One of the main questions I had when I filed bankruptcy was about bankruptcy and property. I was very concerned with what was going to happen to my property in bankruptcy.
Having gone through bankruptcy and having received a discharge, I now know the answer to this and it depends on which bankruptcy chapter you file. In a chapter 13, you are put on a payment plan (not to exceed five years) that you can afford, and you keep all of your property.
A chapter 7 bankruptcy is different. The premise is that it is a "liquidation" of assets. In theory, your assets are sold to pay your creditors what is possible and then you are free and clear (discharged) to go about your business.
Don't freak out here.....you probably have less "assets" than you think. Plus, you are allowed a certain amount of property exemptions...monetary amounts of stuff you can keep regardless.
The truth is that most people who qualify for chapter 7 don't have many (or any) assets to be liquidated. I didn't have to forfeit any property~ bankruptcy truly gave me a fresh start and that is pretty common.
Bankruptcy property exemptions are complicated. There are federal exemptions and there are state exemptions. Some states will give you a choice between using the exemptions of the state or the federal exemptions. But some states will not let you choose. You have to use the bankruptcy exemptions of that state.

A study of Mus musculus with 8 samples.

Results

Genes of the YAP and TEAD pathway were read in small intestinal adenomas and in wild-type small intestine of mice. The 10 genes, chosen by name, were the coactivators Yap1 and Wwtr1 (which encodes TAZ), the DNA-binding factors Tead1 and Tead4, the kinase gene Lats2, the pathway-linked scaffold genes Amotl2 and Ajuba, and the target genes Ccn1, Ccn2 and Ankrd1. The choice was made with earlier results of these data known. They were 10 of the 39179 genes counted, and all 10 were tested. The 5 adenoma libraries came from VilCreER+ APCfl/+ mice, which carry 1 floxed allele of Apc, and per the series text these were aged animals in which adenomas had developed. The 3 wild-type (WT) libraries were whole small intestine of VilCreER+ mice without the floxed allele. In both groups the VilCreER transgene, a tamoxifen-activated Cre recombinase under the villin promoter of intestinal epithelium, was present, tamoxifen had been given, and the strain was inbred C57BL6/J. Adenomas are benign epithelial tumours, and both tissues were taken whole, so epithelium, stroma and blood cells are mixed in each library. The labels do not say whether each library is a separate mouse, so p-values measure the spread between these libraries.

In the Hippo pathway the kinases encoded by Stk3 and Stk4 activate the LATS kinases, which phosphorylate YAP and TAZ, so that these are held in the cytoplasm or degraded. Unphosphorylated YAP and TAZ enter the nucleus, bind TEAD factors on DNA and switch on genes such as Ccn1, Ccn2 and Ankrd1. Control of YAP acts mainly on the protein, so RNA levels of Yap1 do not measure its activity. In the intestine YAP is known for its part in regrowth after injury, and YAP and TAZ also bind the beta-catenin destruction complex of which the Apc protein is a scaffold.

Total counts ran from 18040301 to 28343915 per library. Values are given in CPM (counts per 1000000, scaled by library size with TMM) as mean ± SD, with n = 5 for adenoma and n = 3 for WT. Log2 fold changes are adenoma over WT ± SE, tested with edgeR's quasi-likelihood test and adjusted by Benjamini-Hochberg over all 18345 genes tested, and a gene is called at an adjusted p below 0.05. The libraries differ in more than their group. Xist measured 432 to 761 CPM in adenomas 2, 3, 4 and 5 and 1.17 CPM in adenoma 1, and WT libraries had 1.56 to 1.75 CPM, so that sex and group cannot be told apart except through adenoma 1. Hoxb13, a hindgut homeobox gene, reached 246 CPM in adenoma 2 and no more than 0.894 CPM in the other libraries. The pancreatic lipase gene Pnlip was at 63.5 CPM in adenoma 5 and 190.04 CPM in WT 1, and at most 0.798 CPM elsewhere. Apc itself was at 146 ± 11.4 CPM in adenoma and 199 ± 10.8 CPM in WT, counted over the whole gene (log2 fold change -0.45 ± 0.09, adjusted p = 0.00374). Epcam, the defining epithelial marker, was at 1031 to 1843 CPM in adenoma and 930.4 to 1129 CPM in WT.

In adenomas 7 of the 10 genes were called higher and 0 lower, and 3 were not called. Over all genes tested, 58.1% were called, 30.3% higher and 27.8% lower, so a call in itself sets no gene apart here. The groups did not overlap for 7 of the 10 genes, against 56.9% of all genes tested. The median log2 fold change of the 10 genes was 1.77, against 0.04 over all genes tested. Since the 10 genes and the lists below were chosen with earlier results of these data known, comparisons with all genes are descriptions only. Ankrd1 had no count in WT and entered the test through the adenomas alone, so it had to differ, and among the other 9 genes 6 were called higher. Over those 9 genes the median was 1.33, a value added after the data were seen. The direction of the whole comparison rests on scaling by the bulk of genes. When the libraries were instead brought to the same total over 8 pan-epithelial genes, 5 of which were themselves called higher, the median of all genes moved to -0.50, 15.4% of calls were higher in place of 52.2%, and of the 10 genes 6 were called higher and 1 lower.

The states that will not allow you to use the federal property exemptions for bankruptcy are Alaska, Arizona, California, Colorado, Delaware, Florida, Georgia, Idaho, Illinois, Indiana, Iowa, Kansas, Kentucky, Louisiana, Maine, Maryland, Mississippi, Missouri, Montana, Nebraska, Nevada, New Hampshire, New York, North Carolina, North Dakota, Ohio, Oklahoma, Oregon, South Dakota, Tennessee, Utah, Virginia, West Virginia, and Wyoming.
You will need to value your stuff in order to figure out how much of it is exempt. One thing to keep in mind when valuing your stuff is that your stuff isn't worth what you think it is. You may have paid 2000.00 for your couch two years ago, but it's only worth a tiny fraction of that now.
My lawyer had me value most of my items at "garage sale prices" and that's exactly what I did. However, I am not an attorney so please discuss this with yours.
You may have other considerations when it comes to your property in a chapter 7. It is possible to keep items for which you have secured loans, such as a house, or car, by either reaffirming or doing what is called a ride-through. In either case, you keep paying for them. Which of the two, if either, you do, will depend on your wants and circumstances so---yeah---another thing to discuss with your bankruptcy lawyer.
Another thing that you should know is that you must have lived for two years in the state in which you are filing bankruptcy to use the exemptions of that state. Otherwise the exemptions of the state in which you lived in for six months prior your move will apply.
The laws regarding bankruptcy and property can be a bit confusing but try not to panic. A good bankruptcy attorney will make it so you retain as much, if not all, of your property as possible.
I will list the California bankruptcy exemptions (California gives filers a choice of two sets) in another post.
As always, good luck to you...I wish you the best 2011 possible!